Talk is cheap, green aluminium is not (yet)

Australia’s largest electricity user, the Tomago aluminium smelter in NSW, says it won’t be renewing its coal fired electricity contract with AGL after 2028 because it will be switching to renewables to power the smelter.

This is the same Tomago smelter that had been leaning on AGL and the Federal Government to extend the life of the coal fired power station at Liddell in the Hunter Valley, warning of rolling blackouts, price spikes, and the smelter closing, if coal generators closed. It resulted in the delivery of the benign Liddell Task force report last year.

Tomago CEO Matt Howell told The Australian Financial Review last year that it was technically possible to run a smelter using wind, solar and batteries “but you’d be bankrupt, you can’t make money from it”. Apparently, he’s changed his mind.

It’s a aluminium smelter sized flip. Tomago has changed teams, from fighting to retain big incumbent generators, to fighting for deals to accelerate the uptake of big renewables and their supporting entourage of technologies.

It’s a big call even though 2028 is seven years away. To date globally there are no aluminium smelters using predomiantly wind or solar electricity. That’s because aluminium smelters require large and continuous supplies of electricity around the clock. This has found most of them attached to large and continuous supplies of electricity from coal, nuclear or hydro generators around the world.

The Grattan Institute recently talked up a big game in a 2020 report on using green hydrogen to back up intermittent renewables for green aluminium production. It makes sense in the vague, non-commercial world of “the future”, but it is predicated on very cheap hydrogen, which is a while away yet. Siemens CEO Christian Bruch warned in March that the large-scale commercial green hydrogen needed for this is unlikely to be viable before the end of the decade.

Earlier this year the United Arab Emirates created a lot of marketing hype around its state owned utility supplying its state owned smelter with large scale solar so it could produce a new green aluminium product. Of course the solar doesn’t generate at night, and then the UAE grid suppliers will switch to gas fired electricity.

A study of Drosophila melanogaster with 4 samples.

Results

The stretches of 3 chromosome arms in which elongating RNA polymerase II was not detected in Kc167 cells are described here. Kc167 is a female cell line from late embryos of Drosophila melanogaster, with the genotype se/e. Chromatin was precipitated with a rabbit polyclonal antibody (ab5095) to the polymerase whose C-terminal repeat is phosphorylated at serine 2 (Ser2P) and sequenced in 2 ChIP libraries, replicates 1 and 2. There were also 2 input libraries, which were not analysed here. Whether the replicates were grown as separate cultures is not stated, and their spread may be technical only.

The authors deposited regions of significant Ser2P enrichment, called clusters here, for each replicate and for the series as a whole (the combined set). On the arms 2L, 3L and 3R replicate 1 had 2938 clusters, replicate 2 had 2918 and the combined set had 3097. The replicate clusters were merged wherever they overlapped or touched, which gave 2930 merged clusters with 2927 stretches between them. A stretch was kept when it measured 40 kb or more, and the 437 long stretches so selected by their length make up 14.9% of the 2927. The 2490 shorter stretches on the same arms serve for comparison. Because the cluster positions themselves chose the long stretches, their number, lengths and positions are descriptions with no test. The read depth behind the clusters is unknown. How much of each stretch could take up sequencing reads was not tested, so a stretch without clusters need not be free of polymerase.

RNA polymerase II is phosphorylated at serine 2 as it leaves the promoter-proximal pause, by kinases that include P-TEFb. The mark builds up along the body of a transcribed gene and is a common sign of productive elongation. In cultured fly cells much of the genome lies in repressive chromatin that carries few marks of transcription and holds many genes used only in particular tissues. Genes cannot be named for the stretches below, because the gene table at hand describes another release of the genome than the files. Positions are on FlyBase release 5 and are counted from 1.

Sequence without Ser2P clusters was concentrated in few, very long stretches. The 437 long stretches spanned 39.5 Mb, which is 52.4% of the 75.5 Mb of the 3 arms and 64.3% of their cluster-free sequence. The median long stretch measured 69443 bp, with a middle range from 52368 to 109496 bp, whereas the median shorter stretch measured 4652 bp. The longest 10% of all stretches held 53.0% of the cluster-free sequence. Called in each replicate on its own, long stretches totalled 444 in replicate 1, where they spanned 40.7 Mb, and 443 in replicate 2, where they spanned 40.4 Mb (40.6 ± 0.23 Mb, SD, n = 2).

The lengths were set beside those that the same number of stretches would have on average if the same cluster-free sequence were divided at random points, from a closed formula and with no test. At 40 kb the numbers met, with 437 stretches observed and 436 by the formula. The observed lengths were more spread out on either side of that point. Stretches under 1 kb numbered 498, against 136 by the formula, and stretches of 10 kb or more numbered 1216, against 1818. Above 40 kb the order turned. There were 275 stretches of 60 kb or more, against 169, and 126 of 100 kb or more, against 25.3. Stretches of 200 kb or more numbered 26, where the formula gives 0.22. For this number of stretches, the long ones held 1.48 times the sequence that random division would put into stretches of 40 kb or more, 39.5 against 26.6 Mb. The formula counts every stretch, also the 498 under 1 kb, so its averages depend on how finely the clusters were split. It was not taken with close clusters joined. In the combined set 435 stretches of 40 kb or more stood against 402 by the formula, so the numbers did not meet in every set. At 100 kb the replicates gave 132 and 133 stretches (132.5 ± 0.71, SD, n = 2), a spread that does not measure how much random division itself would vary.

While this relatively obvious technical glitch in the branding is glossed over, it appears EGA (the Emirati smelter) is claiming renewable credits from over production of solar PV to meet its green claims. That’s all possible in a wholly state owned set up like the UAE, but we’re still clinging to the notion of commercial markets here in Australia.

Tomago requires around 960 megawatts of constant supply to run its smelting operations, which in turn will require around 3000 megawatts of dedicated wind and solar, backed by at least a few hundred megawatts of large scale batteries and access to around 900 megawatts of firm gas generation.

While the wind and solar are now cheap, the batteries and gas fired electricity are not. Tomago is currently pitching around for providers of these services, but even if Snowy 2.0 is on line by 2028 there is no guarantee they will be sufficiently cheaper to make such a switch commercially viable. Aluminium smelters need cheap, long term electricity contacts to remain internationally competitive.

This generation switch would also flip Tomago from being a grid balancer – able to switch off loads at times of peak demand – to a grid stressor, because at times of low wind and solar generation it would be competing for the same battery and firming capacity as everyone else. It can still switch off at times of extreme demand, but these will become more frequent as more firm generation exits. It is unlikely to be cost effective for the smelter to switch off every time renewables dials down. Because that could could be every few days.

What it probably reflects is that Tomago has a narrowing range of options for its commercial survival. Maybe CEO Matt Howell thinks he might as well roll the dice on a renewables switch and see if there is enough political cash and backing to get a workable new deal done. If you don’t move, you’re dead.